In the intervening years, groups like the ACLU pushed back on the practice of demanding passwords, and some states passed legislation banning it. Today, you probably won’t be asked to hand over your passwords when applying to college, a job, a loan, or a lease—but that doesn’t mean your private social data isn’t still fair game.
A wide range of companies have tried to come up with ways to assess a person’s reliability and creditworthiness using nontraditional data. For some, the goal is to extend the benefits of credit to those who don’t generally have access to it—perhaps because they don’t have an official credit score at all. Others aim to provide lenders, service providers, and hiring managers with a more complete picture of a person’s background before deciding whether to trust him or her.
Both are worthy goals, but the ways companies chase them have raised eyebrows.
Last year, Facebook was awarded a patent for a system that would scan the credit scores of a user’s friends in order to help a bank decide whether or not to award a loan to that person. The product never got off the ground, but it raised questions about trusting an algorithm that sniffs its way through a person’s social network to come up with a risk rating. People are likely to be friends with people from similar socioeconomic and ethnic backgrounds, so a network analysis that developed a credit score based on one’s peers could help reinforce class distinctions.
If Facebook had gone through with its plans, it could have landed in a potentially dangerous legal gray area. Consumer reporting agencies like credit bureaus are subject to regulation under a set of laws that the Federal Trade Commission enforces. In 2012, a data broker called Spokeo paid an 800,000 dollar fine and entered into a consent decree with the FTC in order to settle charges that it violated consumer-protection laws. The company assembled detailed personal information about individuals from credit agencies, social networks, and other sources, and sold the data to human-resources departments looking for a leg up in hiring.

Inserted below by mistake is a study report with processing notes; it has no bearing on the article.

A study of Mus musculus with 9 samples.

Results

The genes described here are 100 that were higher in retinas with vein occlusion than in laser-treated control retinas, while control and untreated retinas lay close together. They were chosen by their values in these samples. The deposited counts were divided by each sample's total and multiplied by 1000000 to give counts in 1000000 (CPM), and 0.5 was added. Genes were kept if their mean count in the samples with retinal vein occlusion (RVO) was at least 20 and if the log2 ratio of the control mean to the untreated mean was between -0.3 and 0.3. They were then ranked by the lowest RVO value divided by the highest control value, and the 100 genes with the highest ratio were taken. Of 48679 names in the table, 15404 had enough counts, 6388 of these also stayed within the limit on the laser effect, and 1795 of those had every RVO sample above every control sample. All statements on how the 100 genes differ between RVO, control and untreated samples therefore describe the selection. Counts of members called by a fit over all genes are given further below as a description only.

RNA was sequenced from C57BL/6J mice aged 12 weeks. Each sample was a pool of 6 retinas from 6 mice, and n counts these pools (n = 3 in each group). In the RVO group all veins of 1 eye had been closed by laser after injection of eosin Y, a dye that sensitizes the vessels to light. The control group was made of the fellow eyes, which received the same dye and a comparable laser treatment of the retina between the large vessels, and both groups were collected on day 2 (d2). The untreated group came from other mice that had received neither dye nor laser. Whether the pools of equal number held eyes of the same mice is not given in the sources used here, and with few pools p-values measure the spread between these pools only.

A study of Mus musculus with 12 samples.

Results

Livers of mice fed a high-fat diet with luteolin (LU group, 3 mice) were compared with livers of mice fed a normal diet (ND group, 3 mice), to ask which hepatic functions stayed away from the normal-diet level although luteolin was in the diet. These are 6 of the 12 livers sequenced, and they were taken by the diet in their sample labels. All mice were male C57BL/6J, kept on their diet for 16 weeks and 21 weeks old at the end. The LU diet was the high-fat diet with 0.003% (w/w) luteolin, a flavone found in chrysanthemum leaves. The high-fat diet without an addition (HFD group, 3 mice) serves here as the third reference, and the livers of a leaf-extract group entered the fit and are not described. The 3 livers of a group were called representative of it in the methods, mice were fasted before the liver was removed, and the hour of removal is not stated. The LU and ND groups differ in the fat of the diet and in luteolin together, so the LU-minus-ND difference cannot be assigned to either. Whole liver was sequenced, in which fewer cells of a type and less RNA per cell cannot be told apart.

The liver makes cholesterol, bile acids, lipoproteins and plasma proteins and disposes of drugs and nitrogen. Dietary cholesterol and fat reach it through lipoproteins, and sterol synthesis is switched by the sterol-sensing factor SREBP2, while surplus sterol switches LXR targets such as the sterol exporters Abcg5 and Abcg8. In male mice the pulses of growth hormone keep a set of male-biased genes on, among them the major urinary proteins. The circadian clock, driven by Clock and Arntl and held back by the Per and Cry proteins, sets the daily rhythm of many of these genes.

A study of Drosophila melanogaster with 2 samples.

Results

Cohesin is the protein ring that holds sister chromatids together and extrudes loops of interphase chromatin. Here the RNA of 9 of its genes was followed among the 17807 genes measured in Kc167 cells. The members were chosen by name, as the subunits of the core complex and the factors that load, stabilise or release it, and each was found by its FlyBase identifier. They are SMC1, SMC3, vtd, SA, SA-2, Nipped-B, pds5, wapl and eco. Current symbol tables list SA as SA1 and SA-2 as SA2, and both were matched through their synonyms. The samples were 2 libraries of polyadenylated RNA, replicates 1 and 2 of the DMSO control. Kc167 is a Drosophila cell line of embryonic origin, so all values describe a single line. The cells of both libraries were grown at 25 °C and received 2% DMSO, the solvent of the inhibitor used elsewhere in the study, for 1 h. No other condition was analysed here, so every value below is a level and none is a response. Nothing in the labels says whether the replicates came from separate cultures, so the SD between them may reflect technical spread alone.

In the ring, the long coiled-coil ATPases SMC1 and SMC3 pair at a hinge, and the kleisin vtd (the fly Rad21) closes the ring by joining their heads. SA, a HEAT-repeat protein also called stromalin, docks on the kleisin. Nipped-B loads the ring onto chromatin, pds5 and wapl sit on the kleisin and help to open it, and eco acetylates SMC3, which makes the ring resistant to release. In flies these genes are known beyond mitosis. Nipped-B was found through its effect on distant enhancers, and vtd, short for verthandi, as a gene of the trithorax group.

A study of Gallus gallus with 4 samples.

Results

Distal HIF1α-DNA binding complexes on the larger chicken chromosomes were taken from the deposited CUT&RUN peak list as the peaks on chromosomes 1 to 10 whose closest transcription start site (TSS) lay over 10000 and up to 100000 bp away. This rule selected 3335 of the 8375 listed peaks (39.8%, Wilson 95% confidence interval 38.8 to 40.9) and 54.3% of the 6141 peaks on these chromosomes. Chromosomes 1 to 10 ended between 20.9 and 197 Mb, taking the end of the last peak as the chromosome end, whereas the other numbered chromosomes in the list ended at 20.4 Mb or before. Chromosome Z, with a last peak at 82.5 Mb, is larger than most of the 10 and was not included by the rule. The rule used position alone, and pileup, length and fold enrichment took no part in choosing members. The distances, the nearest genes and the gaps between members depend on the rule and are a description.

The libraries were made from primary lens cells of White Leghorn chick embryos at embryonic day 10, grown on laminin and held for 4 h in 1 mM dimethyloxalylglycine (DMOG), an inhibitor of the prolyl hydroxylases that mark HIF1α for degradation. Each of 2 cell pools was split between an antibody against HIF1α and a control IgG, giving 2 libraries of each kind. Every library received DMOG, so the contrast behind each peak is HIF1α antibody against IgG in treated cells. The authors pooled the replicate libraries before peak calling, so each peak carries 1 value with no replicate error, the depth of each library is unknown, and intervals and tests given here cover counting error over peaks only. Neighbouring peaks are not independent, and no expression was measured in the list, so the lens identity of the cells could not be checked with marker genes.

Because of stringent credit-reporting laws in the U.S., alternative methods of developing credit have generally gotten more traction overseas. In parts of Africa and Latin America, companies are monitoring cell-phone use, social media, and even typing patterns to try and assess a person’s creditworthiness.
Most recently, a British startup has stirred the pot with a product called Tenant Assured. The service is aimed at landlords who want to check up on potential tenants before leasing out an apartment, and it works by connecting to applicants’ social networks: Facebook, Twitter, Instagram, and LinkedIn.
Once a candidate grants the app permission to access his or her accounts, an automated spider crawls through “millions of data points, both public and private,” according to the company. It can read both public posts and private messages, and uses a variety of “cutting-edge techniques” to deliver inside information about the individual’s personality traits, hobbies, and potential risks they might pose to the property (like smoking or owning pets).